15 July 2017

U.S. Treasurys saw early buying Friday, driving yields firmly lower, as a weak report on retail sales and inflation raised fresh questions about the pace of the Federal Reserve's plans to normalize monetary policy by lifting rates and shrinking its asset portfolio.

The US dollar index against a basket of major currencies lost 0.08 percent to 95.69 and is set to end the week 0.25 percent lower.

The continued drop in sales surprised economists, who had expected sales to inch up by 0.1% compared to the 0.3% decrease originally reported for the previous month.

Moreover, retail sales growth for June was -0.2%, another disappointing economic data point that is driving market activity. Ex-auto sales were expected to rise by 0.2%.


TOKYO, July 14 (Reuters) - The dollar was little changed against a group of peers early on Friday, as currency investors remained cautious ahead of USA inflation data due later in the session, which is expected to set the greenback's near-term direction.

USA retail sales unexpectedly decreased for the second consecutive month in June. A second report from the Commerce Department showed retail sales fell 0.2 per cent last month, weighed down by declines in receipts at service stations, clothing stores and supermarkets. Inventories are expected to rise by 0.2%.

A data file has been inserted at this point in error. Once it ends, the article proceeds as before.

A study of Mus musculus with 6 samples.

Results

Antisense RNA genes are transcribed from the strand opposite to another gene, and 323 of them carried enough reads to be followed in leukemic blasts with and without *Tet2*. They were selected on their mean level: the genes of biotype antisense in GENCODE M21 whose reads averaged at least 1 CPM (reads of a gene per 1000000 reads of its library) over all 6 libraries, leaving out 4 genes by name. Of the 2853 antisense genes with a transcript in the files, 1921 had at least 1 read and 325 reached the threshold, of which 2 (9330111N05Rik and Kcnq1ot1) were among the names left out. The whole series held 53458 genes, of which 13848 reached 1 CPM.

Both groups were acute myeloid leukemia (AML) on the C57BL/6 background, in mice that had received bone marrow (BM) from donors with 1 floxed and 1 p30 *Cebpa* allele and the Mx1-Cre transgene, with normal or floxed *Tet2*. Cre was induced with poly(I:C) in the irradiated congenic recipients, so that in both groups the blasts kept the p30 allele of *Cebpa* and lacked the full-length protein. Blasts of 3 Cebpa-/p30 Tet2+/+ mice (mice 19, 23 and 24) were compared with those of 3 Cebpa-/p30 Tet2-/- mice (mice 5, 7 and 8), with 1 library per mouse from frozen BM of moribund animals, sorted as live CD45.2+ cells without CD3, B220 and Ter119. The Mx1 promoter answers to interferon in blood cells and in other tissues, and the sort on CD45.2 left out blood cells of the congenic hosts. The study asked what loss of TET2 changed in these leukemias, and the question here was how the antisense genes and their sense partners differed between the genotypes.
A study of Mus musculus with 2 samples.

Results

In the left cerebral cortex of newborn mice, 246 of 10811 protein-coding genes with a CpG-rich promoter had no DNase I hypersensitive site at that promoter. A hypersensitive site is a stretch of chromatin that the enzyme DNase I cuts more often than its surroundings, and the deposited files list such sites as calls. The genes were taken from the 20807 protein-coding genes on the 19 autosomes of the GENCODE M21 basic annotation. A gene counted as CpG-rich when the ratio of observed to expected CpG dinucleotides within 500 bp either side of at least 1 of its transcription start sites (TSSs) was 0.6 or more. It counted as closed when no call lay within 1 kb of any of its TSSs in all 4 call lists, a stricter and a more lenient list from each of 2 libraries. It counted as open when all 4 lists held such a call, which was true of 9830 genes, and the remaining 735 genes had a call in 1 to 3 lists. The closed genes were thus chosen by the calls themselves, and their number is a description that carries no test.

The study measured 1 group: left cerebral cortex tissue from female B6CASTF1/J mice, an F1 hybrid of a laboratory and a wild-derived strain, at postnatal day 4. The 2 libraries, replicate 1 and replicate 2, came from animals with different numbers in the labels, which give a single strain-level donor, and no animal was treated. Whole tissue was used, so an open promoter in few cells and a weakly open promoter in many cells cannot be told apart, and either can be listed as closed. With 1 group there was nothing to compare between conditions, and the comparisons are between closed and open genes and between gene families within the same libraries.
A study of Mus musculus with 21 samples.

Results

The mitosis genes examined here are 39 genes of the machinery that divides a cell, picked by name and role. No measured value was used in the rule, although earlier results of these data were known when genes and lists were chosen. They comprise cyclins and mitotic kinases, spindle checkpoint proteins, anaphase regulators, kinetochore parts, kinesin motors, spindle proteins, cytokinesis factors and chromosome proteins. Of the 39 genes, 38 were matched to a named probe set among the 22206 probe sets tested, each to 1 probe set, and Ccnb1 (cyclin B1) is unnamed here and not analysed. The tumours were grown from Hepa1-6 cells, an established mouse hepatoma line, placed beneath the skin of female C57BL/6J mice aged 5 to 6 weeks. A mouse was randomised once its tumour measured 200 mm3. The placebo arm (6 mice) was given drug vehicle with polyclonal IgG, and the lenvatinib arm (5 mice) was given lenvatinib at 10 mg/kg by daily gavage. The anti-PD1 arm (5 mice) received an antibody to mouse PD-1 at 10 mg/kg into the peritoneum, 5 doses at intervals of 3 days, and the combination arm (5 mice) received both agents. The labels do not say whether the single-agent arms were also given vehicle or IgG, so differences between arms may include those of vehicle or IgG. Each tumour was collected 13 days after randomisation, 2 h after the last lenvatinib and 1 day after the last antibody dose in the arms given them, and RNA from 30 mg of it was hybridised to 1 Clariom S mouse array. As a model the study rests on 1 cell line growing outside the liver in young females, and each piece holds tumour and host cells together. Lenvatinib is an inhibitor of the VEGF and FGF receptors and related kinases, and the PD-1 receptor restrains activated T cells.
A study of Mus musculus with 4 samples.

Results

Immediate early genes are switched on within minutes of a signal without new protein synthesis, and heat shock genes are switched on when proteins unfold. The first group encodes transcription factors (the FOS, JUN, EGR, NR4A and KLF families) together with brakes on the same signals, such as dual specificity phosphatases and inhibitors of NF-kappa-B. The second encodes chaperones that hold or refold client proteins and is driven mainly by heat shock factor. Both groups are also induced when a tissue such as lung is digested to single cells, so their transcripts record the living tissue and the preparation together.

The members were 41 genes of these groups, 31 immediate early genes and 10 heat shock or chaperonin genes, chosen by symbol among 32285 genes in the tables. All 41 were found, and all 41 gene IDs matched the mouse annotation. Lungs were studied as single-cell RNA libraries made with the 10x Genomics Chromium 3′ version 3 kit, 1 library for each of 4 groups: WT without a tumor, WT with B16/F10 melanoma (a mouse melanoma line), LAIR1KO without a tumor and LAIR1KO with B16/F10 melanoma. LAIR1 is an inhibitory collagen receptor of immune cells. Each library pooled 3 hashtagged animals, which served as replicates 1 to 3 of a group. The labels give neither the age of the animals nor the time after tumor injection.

Fed Chair Janet Yellen was the talk of the town after catching investors unaware by adopting a dovish stance in her testimony before Congress.


Dallas Fed president Robert Kaplan also sounded a note of caution Thursday. Against the yen, the greenback rose. WTI crude traded 0.67% higher on Friday morning at $46.40/bbl, after falling as low as $42.50/bbl just three weeks ago.

The greenback edged down 0.2 percent to 1134.30 against Korean won.

The New Zealand dollar was trading at 73.16 United States cents as at 5 pm from 72.84 cents late yesterday but was weaker versus last Friday in NY when it traded at 73.80.